Keeping Cranky At Bay
I wouldn't repeat my adolescence for anything, but childhood? Oh yes.
Adulthood is hard. Parenthood is hard. And sometimes, I just don't want to be the grownup. I would like to think I'm not alone in that. Don't you sometimes just want someone else to fix things for a change?
Summer is especially difficult for me. I like order and routine. I like quiet. I like my time alone to write and reflect and ruminate. When my kids are home and in my hair every minute of every day, I feel frazzled and frustrated and completely discombobulated. The order I prize becomes chaos. The quiet I cherish gives way to a particular kind of cacophony that comes with having male offspring.
All that is to say that I have been a little cranky and a little resentful that all my time is being monopolized by their activities and their never ending neediness.
But one thing I've learned as a parent is that you have to take joy in things that seem mundane, but are really moments of sweet, satisfying wonderfulness amid the disorder, stress and messiness of everyday life.
After a hard won victory at the ballpark, in which Pubescent One pitched seven amazing innings and gave up only one run, we headed home. Everyone was in high spirits.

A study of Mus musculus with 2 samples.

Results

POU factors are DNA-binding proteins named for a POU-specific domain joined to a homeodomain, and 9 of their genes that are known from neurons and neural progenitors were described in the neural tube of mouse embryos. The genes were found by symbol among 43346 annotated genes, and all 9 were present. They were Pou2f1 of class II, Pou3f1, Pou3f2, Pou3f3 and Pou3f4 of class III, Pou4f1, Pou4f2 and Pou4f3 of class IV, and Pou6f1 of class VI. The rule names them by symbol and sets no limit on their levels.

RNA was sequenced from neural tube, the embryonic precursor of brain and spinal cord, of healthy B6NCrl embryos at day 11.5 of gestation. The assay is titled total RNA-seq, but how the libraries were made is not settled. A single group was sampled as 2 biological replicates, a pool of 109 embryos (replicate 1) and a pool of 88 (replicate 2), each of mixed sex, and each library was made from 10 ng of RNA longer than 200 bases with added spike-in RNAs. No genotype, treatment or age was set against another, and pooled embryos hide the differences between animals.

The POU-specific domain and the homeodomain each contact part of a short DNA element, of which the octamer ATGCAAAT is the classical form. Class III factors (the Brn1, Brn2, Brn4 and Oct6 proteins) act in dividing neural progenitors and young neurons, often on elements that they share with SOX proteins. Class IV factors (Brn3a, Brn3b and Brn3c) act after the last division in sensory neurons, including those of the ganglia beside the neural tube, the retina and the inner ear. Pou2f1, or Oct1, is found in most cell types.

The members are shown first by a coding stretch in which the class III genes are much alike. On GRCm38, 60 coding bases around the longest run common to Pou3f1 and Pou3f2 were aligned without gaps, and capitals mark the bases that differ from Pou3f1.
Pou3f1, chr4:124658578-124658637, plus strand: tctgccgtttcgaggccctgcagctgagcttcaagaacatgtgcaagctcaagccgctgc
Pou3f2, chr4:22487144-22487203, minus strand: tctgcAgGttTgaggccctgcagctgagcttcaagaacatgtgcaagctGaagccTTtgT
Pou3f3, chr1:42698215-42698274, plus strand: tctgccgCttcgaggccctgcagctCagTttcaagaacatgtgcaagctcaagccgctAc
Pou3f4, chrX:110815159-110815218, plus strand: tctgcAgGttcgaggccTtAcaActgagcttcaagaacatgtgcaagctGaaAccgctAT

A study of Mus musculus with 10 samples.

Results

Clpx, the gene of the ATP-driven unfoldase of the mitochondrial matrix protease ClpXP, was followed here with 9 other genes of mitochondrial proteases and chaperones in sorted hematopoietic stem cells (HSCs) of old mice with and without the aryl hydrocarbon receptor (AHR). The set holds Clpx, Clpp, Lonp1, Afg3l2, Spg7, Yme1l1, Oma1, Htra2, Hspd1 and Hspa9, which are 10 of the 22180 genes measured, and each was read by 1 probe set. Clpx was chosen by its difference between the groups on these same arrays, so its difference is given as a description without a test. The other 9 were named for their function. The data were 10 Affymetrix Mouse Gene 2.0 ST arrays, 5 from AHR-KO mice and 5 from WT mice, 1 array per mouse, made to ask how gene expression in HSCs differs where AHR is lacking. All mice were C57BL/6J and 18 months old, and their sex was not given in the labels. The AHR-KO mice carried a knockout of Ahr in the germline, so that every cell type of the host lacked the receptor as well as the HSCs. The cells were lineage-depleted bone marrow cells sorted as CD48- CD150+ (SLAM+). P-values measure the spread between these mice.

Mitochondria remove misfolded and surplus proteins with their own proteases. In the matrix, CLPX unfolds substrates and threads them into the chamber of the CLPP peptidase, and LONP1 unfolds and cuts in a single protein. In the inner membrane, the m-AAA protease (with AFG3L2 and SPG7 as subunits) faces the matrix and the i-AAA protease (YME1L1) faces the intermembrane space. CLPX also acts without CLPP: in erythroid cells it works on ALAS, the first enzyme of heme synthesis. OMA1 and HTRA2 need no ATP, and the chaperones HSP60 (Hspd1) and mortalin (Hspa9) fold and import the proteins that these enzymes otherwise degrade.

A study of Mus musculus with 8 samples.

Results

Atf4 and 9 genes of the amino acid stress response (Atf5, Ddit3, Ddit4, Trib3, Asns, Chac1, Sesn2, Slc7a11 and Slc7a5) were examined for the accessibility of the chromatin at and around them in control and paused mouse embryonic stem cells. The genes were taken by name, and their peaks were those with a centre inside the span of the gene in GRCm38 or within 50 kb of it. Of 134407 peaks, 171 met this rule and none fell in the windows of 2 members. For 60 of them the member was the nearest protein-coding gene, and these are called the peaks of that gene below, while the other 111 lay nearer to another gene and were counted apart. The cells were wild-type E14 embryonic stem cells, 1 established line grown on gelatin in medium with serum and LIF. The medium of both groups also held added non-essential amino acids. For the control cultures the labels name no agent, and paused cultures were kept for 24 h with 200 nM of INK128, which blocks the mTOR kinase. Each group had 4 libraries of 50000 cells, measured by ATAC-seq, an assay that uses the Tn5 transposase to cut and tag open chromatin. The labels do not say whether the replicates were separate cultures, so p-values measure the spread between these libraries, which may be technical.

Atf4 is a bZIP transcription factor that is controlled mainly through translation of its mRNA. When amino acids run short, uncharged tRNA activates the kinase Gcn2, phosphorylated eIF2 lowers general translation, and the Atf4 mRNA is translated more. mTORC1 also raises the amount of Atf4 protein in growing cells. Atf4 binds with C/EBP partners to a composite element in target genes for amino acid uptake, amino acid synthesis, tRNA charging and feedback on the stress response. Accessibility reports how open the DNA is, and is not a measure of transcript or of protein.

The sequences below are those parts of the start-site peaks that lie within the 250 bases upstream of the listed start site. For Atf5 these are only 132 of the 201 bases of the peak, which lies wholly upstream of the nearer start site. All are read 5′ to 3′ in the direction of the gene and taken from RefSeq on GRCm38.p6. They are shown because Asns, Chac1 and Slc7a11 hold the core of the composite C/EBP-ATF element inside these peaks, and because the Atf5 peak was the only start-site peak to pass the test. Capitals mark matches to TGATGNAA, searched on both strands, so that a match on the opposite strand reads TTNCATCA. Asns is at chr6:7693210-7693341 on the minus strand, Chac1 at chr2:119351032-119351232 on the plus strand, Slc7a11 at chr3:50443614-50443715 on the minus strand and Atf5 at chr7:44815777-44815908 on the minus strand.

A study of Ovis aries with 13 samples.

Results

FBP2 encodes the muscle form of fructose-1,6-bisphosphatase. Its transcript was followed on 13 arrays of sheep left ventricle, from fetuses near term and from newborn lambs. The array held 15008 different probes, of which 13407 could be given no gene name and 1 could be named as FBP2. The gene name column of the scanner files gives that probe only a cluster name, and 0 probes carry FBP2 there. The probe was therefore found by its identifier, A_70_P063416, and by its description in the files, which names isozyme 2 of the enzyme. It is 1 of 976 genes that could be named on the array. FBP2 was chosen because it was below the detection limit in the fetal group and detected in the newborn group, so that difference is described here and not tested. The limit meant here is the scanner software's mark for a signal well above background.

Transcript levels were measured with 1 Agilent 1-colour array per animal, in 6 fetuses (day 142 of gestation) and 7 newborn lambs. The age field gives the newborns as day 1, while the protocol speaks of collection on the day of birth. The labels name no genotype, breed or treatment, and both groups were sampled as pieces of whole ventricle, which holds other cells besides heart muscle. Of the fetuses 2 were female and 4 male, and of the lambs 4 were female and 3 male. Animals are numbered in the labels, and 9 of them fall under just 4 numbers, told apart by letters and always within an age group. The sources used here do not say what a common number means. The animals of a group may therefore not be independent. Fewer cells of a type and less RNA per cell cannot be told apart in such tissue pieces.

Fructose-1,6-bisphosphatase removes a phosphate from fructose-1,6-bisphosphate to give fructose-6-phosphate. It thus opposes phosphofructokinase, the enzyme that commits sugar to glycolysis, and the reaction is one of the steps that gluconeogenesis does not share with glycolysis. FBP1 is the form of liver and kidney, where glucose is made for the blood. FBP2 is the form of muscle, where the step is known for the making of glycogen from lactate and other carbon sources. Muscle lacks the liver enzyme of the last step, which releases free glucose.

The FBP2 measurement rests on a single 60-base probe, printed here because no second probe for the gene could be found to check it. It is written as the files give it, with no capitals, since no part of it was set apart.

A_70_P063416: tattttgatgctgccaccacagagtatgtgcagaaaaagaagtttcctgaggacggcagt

We sped down the country highway; the boys feeling very cool and superior riding in the sleek black sports car. They grinned at every car we passed, certain that they were being envied. We rolled the windows down and let the wind whip our hair about our sweaty faces. The summer air was tinged with rain smell, and off in the distance, lightning lit the clouds from within, making them look towering and otherwordly in the darkness; a darker darkness than can be found in the city. The boys put their arms out and let them ride the waves of air that sluiced past; rising and falling on the solid feeling streams. A nostalgiac song came on the radio, and Husband and I sang loudly. The boys did not know the words, but crooned the doo-doo-doos of the chorus.
It was good. Really good. And I like to think that some day, when the weight of the world weighs heavy on their own shoulders, maybe they will remember that moment. Remember us happy. Remember us singing. Remember feeling safe and happy in the backseat of a black sports car, with home on the horizon and no cares to mar the last little bit of childhood ahead of them.
Yeah. That keeps the cranky at bay for a little while.